Energy and Environment
Scott Pruitt: Trump’s Choice to Lead the EPA Defends His Record of Suing the EPA
Scott Pruitt, President-elect Donald Trump’s choice for the head of the Environmental Protection Agency appeared before part of the Senate for his confirmation hearing on Wednesday. Pruitt, a former attorney general of Oklahoma, said he would like to shift some regulatory control from the federal government to the states. He purported that being pro-energy and pro-environment can be mutually exclusive. And while he acknowledged that climate change and human activity are linked, he questioned just how strong that causality is.
As attorney general, Pruitt advocated on behalf of states’ rights in the face of what he saw as federal overreach. In fact, Pruitt sued the EPA 14 times; he also led the 27-state lawsuit against President Barack Obama’s Clean Power Plan. If he is confirmed as the next EPA chief, Pruitt could become involved in some of the lawsuits that he filed. In Wednesday’s hearing, Senate Democrats asked Pruitt if he would recuse himself from those lawsuits. He did not commit to doing so.
Scott Pruitt will not say whether he will agree to upholding California’s high vehicle pollution standards. That is unacceptable.
— Kamala Harris (@KamalaHarris) January 18, 2017
Sen. James Inhofe (R-OK) introduced Pruitt: “Yes, as attorney general, Scott fought the EPA, the Fish and Wildlife Service and the outgoing administration on many fronts,” he said, “but all of these suits were brought to protect state and local interests from overzealous and activist agencies.” Outside the hearing room, protesters, some wearing pink hats and surgical masks, others donning oil rig gear, represented the dueling sides of the hearing itself: Democrats who questioned Pruitt’s ties to the energy industry, and Pruitt’s long-held disdain for environmental activists and what he sees as job-killing regulations.
“We must reject as a nation the false paradigm that if you’re pro-energy you’re anti-environment, and if you’re pro-environment you’re anti-energy,” Pruitt said during the hearing. In his opening remarks, Pruitt, who is often called a climate denier, clarified his stance on climate change: “Science tells us that the climate is changing and human activity in some manner impacts that change,” he said. “The human ability to measure with precision the extent of that impact is subject to continuing debate and dialogue, as well they should be.”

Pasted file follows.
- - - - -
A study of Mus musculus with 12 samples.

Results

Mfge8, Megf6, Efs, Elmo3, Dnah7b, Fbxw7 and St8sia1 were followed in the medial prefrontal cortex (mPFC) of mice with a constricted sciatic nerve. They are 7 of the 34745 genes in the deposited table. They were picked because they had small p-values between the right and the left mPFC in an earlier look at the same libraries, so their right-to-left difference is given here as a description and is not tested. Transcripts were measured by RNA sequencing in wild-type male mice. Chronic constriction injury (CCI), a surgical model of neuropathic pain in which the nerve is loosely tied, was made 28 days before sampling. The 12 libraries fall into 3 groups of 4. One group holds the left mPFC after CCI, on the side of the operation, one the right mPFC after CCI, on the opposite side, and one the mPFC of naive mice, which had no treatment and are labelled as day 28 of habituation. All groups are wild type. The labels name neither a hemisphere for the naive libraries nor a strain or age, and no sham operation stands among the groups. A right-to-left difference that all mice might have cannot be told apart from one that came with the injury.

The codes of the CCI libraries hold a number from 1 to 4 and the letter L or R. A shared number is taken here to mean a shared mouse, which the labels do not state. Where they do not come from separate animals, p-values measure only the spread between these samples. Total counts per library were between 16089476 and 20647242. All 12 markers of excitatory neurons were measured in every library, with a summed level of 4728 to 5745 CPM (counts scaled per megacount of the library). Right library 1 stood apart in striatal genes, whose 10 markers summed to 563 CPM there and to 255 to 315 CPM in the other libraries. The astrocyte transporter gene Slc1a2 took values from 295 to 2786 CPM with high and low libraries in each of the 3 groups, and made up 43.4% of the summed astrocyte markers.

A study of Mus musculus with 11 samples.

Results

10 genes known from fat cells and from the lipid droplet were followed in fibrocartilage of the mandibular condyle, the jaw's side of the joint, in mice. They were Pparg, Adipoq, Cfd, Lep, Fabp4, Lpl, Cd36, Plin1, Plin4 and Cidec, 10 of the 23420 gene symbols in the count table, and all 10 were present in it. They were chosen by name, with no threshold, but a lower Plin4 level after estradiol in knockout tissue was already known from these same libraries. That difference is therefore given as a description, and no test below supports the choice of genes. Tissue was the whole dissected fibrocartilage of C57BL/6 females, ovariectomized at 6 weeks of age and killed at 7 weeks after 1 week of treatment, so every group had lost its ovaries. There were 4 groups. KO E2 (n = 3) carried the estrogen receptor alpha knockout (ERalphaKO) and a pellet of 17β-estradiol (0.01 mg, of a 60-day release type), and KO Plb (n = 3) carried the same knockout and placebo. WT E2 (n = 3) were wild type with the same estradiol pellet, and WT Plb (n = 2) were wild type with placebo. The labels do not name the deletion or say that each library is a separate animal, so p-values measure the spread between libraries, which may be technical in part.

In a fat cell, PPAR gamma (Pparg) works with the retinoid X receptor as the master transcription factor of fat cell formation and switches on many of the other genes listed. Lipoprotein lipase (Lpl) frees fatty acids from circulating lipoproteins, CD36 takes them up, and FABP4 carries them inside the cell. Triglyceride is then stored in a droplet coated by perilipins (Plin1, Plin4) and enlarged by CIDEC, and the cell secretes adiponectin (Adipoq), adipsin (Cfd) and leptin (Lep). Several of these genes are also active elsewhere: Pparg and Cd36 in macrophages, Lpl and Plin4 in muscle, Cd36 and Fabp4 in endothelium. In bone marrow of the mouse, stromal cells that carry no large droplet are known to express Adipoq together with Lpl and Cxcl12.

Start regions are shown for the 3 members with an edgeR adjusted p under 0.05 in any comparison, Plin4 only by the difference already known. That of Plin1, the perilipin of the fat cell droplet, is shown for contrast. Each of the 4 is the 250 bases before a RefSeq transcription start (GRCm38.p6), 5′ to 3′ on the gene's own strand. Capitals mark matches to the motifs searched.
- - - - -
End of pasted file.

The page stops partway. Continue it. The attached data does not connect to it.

If we look at EPA’s major legacy rule – CPP, WOTUS, haze, CSPAR, tailoring rule – the agency is batting 0.00. #confirmpruitt
— Jim Inhofe (@jiminhofe) January 18, 2017
Pruitt’s hearing was on the same day the National Oceanic and Atmospheric Administration released a report that said 2016 was earth’s hottest year on record, since at least 1880, when record keeping began. Though he made clear that the EPA under his watch would grant more power to state legislatures, Pruitt mentioned the Flint, Michigan water crisis as an instance when the federal agency failed to do enough.
“In Flint, the EPA should have acted faster. With air quality, water quality across state lines, there is a role where EPA is important,” he said. Pruitt added that he does not know the science behind lead poisoning: “I haven’t looked at the scientific research,” he said.
In 2009, the EPA found that carbon emissions endanger humans and warm the planet. That ruling serves as the basis for subsequent emissions regulations, including Obama’s Clean Power Plan. Pruitt, who Democrats worry will scrap a number of regulations, said he would enforce that ruling. “It is there, and it needs to be enforced and respected,” he said. Pruitt is expected to pass a full Senate confirmation, as all 51 Republicans will likely support him; Sen. Joe Manchin (D-WV) is also expected to support Pruitt.